My starry-eyed dream of a leisurely paddle though pine forests has somewhat dimmed since my nephew Jacob spent ten days canoeing at a Boy Scout facility called Northern Tier.
The Boy Scout's embrace many a pithy slogan. First and foremost is, of course, Be Prepared. Another is Leave No Trace Behind. National Parks and other scenic areas post a flowery version of this Scout principle: Take nothing but pictures; leave nothing but footprints.
Northern Tier takes this very seriously indeed. Jacob tells me they ate their meals, poured a small amount of water into their mess kits, scraped the kits, and then proceeded to consume what they had scraped.
This, friends, captures why it is Sacajawea, not Kelly, engraved on a dollar coin to memorialize her role in the Lewis and Clark expeditions. I love the great outdoors . . . just not that much.
We are now at the tail end of our Christmas sojourn to the great white North. I am happy to report that it has been mostly great and altogether white.
For many years I was the maiden aunt of the family. I required little space, little food, and was actually quite a big help. I hunted down missing socks, styled hair, wiped faces, generally corralled and assisted with the little people. Like a good Scout, I left no trace behind. Then along came Dave and then Tim and eventually Kolbe. We were still a small family, easily squished into a single room, leaving little trace behind.
Now we are a family of six. We don't travel light, not even close to light. I'm all about everyone fitting their belongings into one small, carry-on style suitcase. Then Tim hands me his shoes. Sneakers and a pair of dress shoes and the bag is pretty much full. This year, for the first time, we used a car top carrier. The van was packed to the gills even with additional square feet of storage on the roof.
We make quite an entrance, whether we want to or not.
On leaving, I always hold on to the Boy Scout adage Leave No Trace Behind. It's a challenge, really it is, to bring twelve suitcases, assorted back packs, cold weather gear, and acquired Christmas gifts, stay in three different homes, and leave the state with all your belongings intact. Around February 1st or so, we usually receive a package with a tiny sock or two, a few books, a single glove, a collection of all we've left behind.
Two summers back, we endured that ill-fated and lengthy visit to Canada when Leave No Trace Behind failed us miserably. Ainsey and John were then one and three, Trouble and More Trouble, Mess and Bigger Mess. We left lipstick on the walls and permanent marker on a table. A nameless someone wet a bed that, sadly, had no mattress pad.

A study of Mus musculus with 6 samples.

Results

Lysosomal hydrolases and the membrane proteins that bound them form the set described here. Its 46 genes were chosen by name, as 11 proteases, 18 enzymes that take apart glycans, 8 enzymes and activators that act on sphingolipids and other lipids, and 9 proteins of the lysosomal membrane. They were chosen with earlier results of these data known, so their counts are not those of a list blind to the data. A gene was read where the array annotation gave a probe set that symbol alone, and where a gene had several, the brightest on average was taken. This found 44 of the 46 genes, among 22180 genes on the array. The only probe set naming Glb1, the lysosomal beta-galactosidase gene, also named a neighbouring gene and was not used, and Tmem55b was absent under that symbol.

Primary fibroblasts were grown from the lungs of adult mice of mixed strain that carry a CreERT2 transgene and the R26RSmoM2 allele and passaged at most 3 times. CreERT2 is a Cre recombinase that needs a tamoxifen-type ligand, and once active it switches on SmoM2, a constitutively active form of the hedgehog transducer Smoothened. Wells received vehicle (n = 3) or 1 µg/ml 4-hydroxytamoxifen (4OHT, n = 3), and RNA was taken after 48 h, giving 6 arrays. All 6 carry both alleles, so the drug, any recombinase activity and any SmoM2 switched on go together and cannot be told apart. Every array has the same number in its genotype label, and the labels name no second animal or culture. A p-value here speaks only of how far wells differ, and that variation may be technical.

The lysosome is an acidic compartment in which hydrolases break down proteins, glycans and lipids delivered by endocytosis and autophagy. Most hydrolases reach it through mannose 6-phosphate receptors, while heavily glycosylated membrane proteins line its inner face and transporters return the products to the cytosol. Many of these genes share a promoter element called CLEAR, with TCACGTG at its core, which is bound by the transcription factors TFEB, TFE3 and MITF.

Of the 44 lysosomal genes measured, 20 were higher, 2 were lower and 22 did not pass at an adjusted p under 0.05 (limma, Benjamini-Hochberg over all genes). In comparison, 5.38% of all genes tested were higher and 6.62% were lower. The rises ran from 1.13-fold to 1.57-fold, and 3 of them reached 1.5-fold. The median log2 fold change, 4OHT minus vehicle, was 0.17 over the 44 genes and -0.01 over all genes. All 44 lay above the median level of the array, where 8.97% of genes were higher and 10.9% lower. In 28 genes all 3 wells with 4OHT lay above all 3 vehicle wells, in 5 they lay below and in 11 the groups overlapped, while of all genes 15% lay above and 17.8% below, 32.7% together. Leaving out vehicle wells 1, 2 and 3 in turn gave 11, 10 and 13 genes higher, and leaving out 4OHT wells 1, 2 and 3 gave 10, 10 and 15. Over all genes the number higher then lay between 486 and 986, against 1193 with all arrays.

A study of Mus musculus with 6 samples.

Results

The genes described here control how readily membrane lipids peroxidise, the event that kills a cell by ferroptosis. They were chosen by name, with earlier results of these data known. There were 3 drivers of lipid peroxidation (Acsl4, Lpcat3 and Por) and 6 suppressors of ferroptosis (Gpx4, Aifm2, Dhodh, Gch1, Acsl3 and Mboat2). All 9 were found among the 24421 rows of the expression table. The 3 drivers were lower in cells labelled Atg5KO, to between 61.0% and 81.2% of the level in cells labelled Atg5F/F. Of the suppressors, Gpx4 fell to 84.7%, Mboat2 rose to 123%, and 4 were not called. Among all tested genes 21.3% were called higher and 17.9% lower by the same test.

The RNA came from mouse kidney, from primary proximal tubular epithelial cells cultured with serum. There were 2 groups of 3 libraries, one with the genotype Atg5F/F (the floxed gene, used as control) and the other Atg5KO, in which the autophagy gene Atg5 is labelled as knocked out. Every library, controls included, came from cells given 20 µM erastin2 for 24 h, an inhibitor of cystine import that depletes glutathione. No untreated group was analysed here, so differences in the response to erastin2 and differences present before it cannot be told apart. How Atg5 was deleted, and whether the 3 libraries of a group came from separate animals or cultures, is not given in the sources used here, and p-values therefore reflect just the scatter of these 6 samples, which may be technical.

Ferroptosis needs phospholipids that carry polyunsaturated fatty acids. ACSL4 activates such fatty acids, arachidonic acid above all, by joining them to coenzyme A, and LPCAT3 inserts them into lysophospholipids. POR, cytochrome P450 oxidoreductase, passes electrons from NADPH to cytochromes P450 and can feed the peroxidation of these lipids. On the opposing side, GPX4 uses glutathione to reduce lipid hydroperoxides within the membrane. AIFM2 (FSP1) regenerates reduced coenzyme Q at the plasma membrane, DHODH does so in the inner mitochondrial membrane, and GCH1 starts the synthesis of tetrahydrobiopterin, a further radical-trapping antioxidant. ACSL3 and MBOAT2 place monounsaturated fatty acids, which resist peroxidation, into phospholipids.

We added Febreeze to the packing list.
Since that trip, I have been hyper-aware of the noise, the complications, and the mess that, despite our best intentions, are inevitable when you add six people to any household.
This year it wasn't an an ill-behaved two-year-old or a newly potty-trained three-year-old that was our undoing. No, on Christmas night Santa Claus wasn't all that came to town. So did the stomach bug. Around 1:00 a.m. Ainsley climbed into our bed, gave a little cough which morphed into an enormous earp and sent cousin Megan's Chocolate Yule log spraying all over Auntie Karen's bed spread that, I am unhappy to report, was labelled Dry Clean Only. Thirty-six hours and seventeen loads of wash later we departed Auntie Karen's house leaving, I'm sure, a few traces behind. Hopefully, norovirus was not among them.
And that was just the warm-up.
We moved into Dave's parents' house Saturday night, and woke up to the sound of John sick in the bathroom. And then Tim. And then Kolbe. And Kolbe was nearly comatose and sleeping -- drum roll, please -- on a sofa bed. Yes, a sofa bed. Most parents are only too well acquainted with the challenge of de-toxing a car seat after a G.I. upset. Trust me, a car seat is mere child's play compared to a sofa bed. Another seventeen loads of laundry, two scrub brushes, and one steam cleaner later, I think we're close to finished.
As I've written before, the great trek North costs us something. On trips like this one, I'm all too aware that it costs our hosts something as well.
So I focus on the positives:
- Asking Ainsley to sled down the hill with me and hearing, "No! I ride with Megan!", her sweet cousin who was always careful to keep Ainsley from face-planting in a pile of snow.
- Hearing Papa read, "I think the most likely reason of all was that his heart was two sizes too small" to the sole granddaughter of the clan who appears at Papa's side with a stack of books in hand.
- Hanging out with the oldest grandson of the Dolin clan who was once one of the gang of blond-haired boys riding Big Wheels and is now a witty and intelligent twenty-one-year-old interested in science and politics and language.
- Witnessing Ainsley's delight as cousin Lissi, fashion maven, painted her fingers and toes bright pink.
- Watching all the boy cousins whipping around Auntie Karen's farm on snowmobiles.
Not all the traces we leave behind require Lysol and an anti-emetic.
I would end on that uplifting, saccharine sweet note, but the plague has now hit Dave. So instead I'll leave you with a quote from Simcha Fisher on dealing with sick husbands:
The worst part was that he only had me to take care of him. I can be nurturing for as long as ten or eleven minutes at a time, but beyond that, I find sick people irritating. As you can imagine, I then feel horribly guilty about that, and take it out on the sick people. So, the moral of this story is, get the hell away from me, with your pain and suffering. I mean, would you like some orange juice? Or tea? No? Well, then I guess I’ll go shovel the driveway ALL BY MYSELF, with no one to help me.To quote another deep thinker, "If we couldn't laugh, we would all go insane."